Virginia Tech is strongly committed to diversity. It is not “academics honoring diversity” precisely because VTech has place diversity on the very top rung of values, below which all other values must fall, whatever protestations of academic ambition may by made.
Virginia Polytechnic Institute and State University—better known as Virginia Tech—is in the midst of an extraordinary campaign to impose a comprehensive regime focusedon “diversity.” Reading through Virginia Tech’s official documents since March is something like watching a colonial power laying out a plan to force its language, culture, laws, religion, and ideals on a subject people. The put-upon natives in this case are, first of all, the faculty of the College of Liberal Arts and Human Sciences. But the imperial power, of course, doesn’t mean to stop with subordinating the faculty chiefs to the Empire. The rule of Diversity must ultimately extend to every student and every employee.
Diversity? It must surely strike most readers that the ideological campaign for diversity on campus is by this point rather old-fashioned. Diversity as a rallying cry for the campus left took its initial impulse from Justice Lewis Powell’s opinion in the Supreme Court’s decision in the 1978 case, Bakke v. The Regents of the University of California. Powell’s remarks weren’t supported by any other justice and did not have the force of law, but they nonetheless suggested a rationale for using racial preferences in college admissions. A racially diverse college classroom, in Powell’s opinion, was bound to be a more pedagogically enriching one, since it stood to reason that people of different races would learn from each other.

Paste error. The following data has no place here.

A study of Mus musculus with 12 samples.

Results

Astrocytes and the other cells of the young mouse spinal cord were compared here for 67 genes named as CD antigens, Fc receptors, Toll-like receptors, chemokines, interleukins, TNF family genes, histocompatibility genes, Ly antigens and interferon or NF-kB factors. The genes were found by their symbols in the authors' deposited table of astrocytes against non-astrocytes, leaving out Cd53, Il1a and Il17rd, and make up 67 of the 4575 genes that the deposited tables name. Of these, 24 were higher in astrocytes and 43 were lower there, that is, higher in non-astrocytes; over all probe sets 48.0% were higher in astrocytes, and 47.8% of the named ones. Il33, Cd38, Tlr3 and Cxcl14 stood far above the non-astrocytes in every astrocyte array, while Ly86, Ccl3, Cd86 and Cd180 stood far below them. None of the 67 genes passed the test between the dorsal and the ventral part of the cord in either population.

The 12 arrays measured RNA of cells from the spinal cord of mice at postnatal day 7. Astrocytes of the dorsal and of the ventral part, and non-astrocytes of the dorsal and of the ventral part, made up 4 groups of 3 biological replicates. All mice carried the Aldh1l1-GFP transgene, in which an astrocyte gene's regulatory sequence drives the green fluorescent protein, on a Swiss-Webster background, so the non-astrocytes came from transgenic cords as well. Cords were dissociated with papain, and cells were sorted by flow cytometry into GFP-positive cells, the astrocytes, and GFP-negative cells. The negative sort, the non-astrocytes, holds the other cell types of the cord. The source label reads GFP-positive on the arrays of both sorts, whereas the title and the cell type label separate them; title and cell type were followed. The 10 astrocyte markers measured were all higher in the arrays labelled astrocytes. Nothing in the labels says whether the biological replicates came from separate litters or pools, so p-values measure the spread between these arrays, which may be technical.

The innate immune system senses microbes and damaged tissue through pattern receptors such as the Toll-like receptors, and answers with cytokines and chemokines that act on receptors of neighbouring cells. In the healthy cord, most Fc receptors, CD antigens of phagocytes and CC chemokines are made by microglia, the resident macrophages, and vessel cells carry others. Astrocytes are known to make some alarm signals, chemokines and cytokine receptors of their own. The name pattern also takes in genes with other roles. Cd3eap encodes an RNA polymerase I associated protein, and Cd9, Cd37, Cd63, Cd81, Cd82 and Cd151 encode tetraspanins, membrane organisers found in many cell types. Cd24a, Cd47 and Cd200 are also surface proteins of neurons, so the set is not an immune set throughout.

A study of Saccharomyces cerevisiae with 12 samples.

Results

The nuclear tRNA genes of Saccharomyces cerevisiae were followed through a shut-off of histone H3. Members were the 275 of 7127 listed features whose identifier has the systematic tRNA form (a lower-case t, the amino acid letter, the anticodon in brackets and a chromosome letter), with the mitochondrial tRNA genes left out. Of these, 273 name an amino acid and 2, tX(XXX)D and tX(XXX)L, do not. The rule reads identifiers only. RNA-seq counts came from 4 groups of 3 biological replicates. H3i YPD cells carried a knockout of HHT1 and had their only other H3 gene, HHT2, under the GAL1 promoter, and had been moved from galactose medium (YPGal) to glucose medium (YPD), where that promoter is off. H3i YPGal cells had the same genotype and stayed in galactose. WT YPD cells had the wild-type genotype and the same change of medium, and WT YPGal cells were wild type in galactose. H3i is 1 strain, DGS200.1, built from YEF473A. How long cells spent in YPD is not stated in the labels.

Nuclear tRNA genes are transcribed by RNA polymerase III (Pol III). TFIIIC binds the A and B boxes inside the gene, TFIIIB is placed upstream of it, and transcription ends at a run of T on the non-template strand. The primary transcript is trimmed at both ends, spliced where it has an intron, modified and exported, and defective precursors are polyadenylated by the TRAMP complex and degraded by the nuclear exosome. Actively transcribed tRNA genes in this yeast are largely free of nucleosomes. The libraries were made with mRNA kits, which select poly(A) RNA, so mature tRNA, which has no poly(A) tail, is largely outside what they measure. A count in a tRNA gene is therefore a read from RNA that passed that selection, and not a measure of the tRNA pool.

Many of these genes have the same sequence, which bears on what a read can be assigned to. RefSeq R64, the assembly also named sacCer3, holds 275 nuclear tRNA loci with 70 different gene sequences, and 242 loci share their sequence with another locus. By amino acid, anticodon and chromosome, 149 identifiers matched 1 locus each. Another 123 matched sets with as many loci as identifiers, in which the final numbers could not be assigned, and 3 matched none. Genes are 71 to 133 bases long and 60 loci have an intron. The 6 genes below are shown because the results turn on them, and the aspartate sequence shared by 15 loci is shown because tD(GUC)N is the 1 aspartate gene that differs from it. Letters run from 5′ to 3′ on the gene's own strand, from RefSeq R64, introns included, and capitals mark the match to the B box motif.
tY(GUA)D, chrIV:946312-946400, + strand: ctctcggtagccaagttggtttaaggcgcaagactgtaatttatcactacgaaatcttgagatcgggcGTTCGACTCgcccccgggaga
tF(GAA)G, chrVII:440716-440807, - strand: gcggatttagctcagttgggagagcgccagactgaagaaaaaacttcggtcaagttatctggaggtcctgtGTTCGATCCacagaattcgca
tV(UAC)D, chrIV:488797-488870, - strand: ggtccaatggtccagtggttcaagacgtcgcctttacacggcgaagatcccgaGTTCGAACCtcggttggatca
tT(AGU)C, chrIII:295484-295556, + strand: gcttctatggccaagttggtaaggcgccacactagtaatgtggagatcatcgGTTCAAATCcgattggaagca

We draw attention to this university once again, however, not as a case study in vapid strategizing. Rather, it serves as a bookend to the whole diversity movement. Marx’s famous remark that great events and personalities in world history repeat themselves, “the first time as tragedy, the second as farce,” seems apt. Virginia Tech, a large regional university known more for its football program and a series of horrific killings, has chosen to play out a spent ideology to its final dregs. That it is does so in the delusion that it is somehow on the cutting edge of academic innovation is what makes this farce.
Farces are not without their victims. Virginia Tech is an institution of modest academic standing that seems intent on winning a certain kind of race to the bottom. Faculty members there have privately reassured us that the administrators aren’t as crazy as they sound. They are just playing the cards that they think they need to. It’s an excuse I don’t buy. The administrators have wrapped themselves in such fervent diversity rhetoric that we have to take them at their word. They may have started off as cynical players, but they are now totally invested in this folly and are surrounded with minions who are clearly true believers.
So the Virginia Tech story does seem worth yet another look. A large state university is spiraling downward into an anti-intellectual orthodoxy, and as it plummets it is busy praising its ability to take flight.
This is the beginning and ending of an article that is well worth reading in its entirety, if you want to understand the origins of the modern diversity movement.